Bush fire 180Warm, dry weather combining with easterly winds to create "tinderbox" conditions across County Clare have prompted CCFRS to call for landowners to desist from burning activities.

The conditions create a heightened risk of gorse, forest and bog fires and firefighters from Ennis, Kilrush and Ennistymon have already had to respond to one of the largest wildfires of the year to date in Ben Dash.

Brigades were in attendance for nearly 11 hours, as two square kilometres of bog and gorse were scorched between Lissycasey and Kilmaley last week [8 April]. With forecasts suggesting a return to drier conditions following light rain over the weekend, the Fire Service says the risk posed by uncontrolled burning remains high.

Denis O'Connell, Senior Assistant Chief Fire Officer said that there has been significant damage to forestry and land as a result of last night's fire. He also asked that people are vigilant and that they call the fire Brigade if they see any uncontrolled fire.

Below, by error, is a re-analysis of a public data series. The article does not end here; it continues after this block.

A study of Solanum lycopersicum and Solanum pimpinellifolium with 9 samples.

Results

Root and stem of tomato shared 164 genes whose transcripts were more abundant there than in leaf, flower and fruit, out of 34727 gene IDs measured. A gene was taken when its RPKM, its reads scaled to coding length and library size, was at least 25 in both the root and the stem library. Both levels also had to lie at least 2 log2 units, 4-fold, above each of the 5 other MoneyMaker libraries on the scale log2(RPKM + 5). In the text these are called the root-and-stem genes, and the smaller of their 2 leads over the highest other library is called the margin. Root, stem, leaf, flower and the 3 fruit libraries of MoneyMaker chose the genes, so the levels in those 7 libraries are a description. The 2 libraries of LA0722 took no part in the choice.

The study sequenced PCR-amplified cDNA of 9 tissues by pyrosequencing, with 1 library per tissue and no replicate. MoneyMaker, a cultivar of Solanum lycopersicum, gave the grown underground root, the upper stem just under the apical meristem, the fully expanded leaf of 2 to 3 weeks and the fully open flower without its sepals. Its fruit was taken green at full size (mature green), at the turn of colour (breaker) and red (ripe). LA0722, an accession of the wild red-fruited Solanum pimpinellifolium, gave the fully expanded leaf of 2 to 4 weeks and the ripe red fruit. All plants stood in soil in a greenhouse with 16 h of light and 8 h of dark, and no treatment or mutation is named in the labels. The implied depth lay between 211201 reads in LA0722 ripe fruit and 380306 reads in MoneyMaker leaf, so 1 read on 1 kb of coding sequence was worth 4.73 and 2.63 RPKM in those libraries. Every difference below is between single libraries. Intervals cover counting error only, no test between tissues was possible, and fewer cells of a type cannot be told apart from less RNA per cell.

“The highest risk period for quickly spreading fires occurs between March and June, when ground vegetation is dead and dry following the winter period. Fires have spread quickly this week due to the dry vegetation, low humidity and easterly winds which feed the fires,” he stated.

It is an offence under the Wildlife Act to burn growing vegetation between 1 March and 31 August in any year, on any land not then cultivated. The Service advice includes:
- Landowners burning gorse, scrub, or vegetation must inform the Fire Service at least one day in advance on 999 or 112 providing details of the location, time and duration of burning.
- In addition, landowners burning within 1 mile of woodland must notify the local Garda Station and woodland owner in writing at least 7 days in advance.
- Where burning is to take place within a Special Area of Conservation or Natural Heritage Area, written consent must be sought in advance from the National Parks and Wildlife Service.
- It is illegal to burn household or commercial/industrial waste, household green waste (e.g. hedging), electric cables for the recovery of copper, or to burn waste in bonfires.

Details of the laws in relation to burning, and additional guidance are available at www.clarecoco.ie.